A documentary by Steve James. Rating unavailable
Just when Americans finally began contemplating to what degree their government had betrayed them in the Benedict Arnold sense, the U.S. House of Representatives passed yet another let’s-undo-Obama’s-legacy bill with the Financial Choice Act, quietly removing regulations placed on Wall Street investors after the meltdown of 2008.
This move happened long after the completion of Abacus: Small Enough to Jail. The subtitle is a play on the phrase “too big to fail”, referring to huge banks like JP Morgan Chase, bailed out as Bush left office. And how many banks were held accountable for this bad-mortgage-fuelled disaster? Exactly one, and that’s the subject of the latest provocation from Steve James (Hoop Dreams).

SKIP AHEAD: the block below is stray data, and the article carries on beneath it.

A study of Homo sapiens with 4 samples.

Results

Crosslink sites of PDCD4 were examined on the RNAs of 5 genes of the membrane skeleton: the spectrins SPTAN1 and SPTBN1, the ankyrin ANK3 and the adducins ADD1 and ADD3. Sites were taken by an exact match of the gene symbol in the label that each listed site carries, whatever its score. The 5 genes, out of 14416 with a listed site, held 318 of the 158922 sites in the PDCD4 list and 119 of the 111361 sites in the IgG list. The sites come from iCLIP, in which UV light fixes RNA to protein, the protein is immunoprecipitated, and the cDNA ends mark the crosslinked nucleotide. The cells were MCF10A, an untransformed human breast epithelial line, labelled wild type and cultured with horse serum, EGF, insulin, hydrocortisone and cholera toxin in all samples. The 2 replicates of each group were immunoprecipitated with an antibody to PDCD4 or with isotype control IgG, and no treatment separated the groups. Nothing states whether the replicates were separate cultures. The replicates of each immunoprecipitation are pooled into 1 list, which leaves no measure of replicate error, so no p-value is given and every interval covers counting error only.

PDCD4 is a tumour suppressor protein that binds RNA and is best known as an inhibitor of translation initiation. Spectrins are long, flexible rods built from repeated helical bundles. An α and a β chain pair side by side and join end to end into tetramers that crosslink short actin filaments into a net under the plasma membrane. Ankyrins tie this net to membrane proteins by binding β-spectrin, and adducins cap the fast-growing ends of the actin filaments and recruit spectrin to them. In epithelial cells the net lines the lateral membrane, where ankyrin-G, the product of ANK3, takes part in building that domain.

The events here centre on one Thomas Sung, an immigrant from Shanghai who became one of the first homegrown lawyers in Manhattan’s insular Chinatown. After some years of dealing with banks, he noticed how rarely they made loans to locals, and so he changed careers and opened one of his own. Two of his four grown daughters followed his path. Their relative inexperience was revealed when they discovered at least one of their loan officers scamming on the side.
In the simply structured film, the eloquent Sung recalls how the decision to report the fraudulent loans came back to bite them after the regional district attorney, Cyrus Vance Jr., decided to make an example of his Abacus Federal Savings and Loan. Their bad-faith loans barely resembled those of the big boys, and this is why Rolling Stone’s Matt Taibbi and others argue that the small-potatoes aspect of the case made Abacus easy pickings.
The moderately suspenseful film is filled with ironies, large and small, starting with Mr. and Mrs. Sung’s long-time obsession with Jimmy Stewart’s idealistic banker in It’s a Wonderful Life. But really, the American Dream has always been the province of immigrants. Remember them?